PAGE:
Don Driver’s 1994 work Game (from which the present exhibition takes its name) is, like most of the artist’s work, a meditation on borders and boundaries: between painting and sculpture, between the abstract and the figurative, and between materiality and thought. A large tarpaulin is appliqued with circular and rectangular patches of fabric, its dirty, creased surface suggesting that it has lain untended in a shed in some rural Taranaki farmstead or workshop for years, perhaps decades. Attached to this banner are a wooden board supporting three ping-pong paddles and a set of goat’s horns, as well as a hanging implement constructed from a further pair of horns and a branch, its purpose unclear—perhaps a makeshift ritual sceptre, perhaps a homemade stopgap tool. The subtle play of composition and colour are pleasing in their own right—Driver was a sophisticated student of modernism, after all—but the work, existing as it does in an uncertain, liminal space, raises more pressing questions: what is the game, referenced in the title? Who are the players? And what are they playing for?
Wittgenstein famously uses games as an example of his theory of “family resemblances,” arguing that there is no common feature shared between all games, but rather a series of overlapping similarities that together constitute what we call the category of “games.”¹ However, in his 1978 book The Grasshopper: Games, Life and Utopia, Bernard Suits argues against this assessment, laying out a definition of games that is predicated on three core features: First are “prelusory goals,” which are the outcomes outside of the game itself by which a winner or loser can be judged, like achieving checkmate in chess or kicking a ball into a goal in soccer. Second, games share “constitutive rules” that constrain the players’ ability to efficiently achieve the “prelusory goals” by putting obstacles in their way—for example, the rule in soccer which prevents the players from handling the ball. Lastly, and perhaps most importantly, games require from their players a “lusory attitude,” by which Suits means that the players need to accept the constraints placed on them by the rules of the game. Suits argued that games have value because they represent a “voluntary attempt to overcome unnecessary obstacles”²—a description that could apply equally well to art.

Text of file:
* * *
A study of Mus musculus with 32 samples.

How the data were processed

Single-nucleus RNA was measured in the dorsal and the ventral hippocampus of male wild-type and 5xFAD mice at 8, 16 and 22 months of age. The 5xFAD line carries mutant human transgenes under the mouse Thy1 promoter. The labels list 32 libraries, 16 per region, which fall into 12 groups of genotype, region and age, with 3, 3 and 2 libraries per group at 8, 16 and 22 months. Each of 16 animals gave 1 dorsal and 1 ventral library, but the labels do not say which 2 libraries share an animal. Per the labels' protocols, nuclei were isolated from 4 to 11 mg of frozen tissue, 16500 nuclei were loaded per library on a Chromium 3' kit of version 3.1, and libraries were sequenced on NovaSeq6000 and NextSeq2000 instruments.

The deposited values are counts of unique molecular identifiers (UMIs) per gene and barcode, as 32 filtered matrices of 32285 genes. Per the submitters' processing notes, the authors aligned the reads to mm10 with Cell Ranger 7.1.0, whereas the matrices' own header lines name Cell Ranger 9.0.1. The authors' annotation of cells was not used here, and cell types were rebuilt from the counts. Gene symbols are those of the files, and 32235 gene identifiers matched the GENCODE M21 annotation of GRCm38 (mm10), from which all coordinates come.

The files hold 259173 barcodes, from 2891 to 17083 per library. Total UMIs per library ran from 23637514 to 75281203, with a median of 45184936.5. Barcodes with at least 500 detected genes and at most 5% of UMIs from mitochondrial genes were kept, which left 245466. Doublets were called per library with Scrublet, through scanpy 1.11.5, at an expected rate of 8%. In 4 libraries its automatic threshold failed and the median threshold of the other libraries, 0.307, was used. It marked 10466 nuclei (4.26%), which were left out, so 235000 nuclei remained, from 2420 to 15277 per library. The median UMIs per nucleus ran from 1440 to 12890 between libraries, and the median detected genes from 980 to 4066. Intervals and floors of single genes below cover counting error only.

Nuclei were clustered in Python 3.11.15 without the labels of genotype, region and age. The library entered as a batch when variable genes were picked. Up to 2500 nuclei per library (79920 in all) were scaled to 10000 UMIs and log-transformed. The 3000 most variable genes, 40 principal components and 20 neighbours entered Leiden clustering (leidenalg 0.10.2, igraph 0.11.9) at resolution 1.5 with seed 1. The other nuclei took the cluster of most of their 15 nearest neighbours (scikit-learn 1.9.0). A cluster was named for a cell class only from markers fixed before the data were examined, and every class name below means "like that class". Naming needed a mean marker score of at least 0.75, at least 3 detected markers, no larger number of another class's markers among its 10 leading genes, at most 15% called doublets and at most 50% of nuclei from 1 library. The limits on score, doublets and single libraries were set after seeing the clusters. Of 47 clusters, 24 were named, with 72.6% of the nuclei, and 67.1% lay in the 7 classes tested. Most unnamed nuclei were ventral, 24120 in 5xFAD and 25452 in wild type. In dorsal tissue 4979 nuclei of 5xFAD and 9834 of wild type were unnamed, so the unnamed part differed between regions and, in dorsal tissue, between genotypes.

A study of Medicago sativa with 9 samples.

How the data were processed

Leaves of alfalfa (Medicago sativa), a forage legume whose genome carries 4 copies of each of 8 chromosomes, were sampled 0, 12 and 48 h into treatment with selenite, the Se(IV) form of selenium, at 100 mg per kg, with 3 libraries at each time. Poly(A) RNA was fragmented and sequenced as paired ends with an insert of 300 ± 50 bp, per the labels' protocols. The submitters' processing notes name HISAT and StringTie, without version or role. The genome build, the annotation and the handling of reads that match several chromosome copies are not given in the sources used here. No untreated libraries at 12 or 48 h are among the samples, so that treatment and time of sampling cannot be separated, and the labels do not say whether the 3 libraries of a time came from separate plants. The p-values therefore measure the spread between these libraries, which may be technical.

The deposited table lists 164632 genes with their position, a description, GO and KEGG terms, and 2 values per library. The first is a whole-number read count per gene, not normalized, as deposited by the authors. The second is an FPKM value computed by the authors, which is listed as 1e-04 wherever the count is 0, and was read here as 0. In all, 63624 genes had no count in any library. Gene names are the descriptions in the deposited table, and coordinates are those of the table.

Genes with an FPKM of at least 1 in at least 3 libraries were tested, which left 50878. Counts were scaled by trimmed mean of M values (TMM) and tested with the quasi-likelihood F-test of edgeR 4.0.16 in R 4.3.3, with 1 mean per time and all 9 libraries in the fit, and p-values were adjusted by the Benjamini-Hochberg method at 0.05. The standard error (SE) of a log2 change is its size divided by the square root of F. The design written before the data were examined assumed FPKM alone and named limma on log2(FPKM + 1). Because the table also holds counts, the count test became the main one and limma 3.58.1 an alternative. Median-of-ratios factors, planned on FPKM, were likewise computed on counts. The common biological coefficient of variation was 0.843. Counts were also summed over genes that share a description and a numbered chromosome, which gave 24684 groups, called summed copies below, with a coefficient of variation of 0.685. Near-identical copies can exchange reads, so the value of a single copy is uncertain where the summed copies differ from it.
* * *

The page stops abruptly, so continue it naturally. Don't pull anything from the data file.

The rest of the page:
Is Driver’s game, perhaps, art itself? Like a game, art is an activity that does not directly contribute to human survival, but that is nevertheless a source of value, meaning and satisfaction. However, unlike most games, art has no clearly defined goals, in the sense that Suits sees them; rather, it has a shifting array of possible outcomes, depending on the artists, viewers or institutions involved. Likewise, the rules of art, if they exist at all, are opaque and nebulous. Perhaps art, like life, is a game that the participants must play at least partially blind.
However, this does not mean that the optimal solution is not to play at all. As Suits points out, a crucial component of what makes games function is the attitude of the players, their willingness to engage with the system and to accept its outcomes. In addition to Don Driver, this exhibition includes work by Dan Arps, Mitch Cairns, Tom Kreisler, Oscar Perry, Kim Pieters and Jake Walker. Each of these works articulates and describes the artist’s creative process—the assembling of materials, the connection of ideas to one another, and so on—in effect, the systemic functioning of the art-game itself. John Danaher argues that the procedural nature of games—the act of playing—is part of what makes them valuable, and that the fact that their goals are arbitrary contributes to their value.³ By playing the art-game, these artists are also documenting and critiquing it, offering a para-textual invitation to the viewer to play along themselves.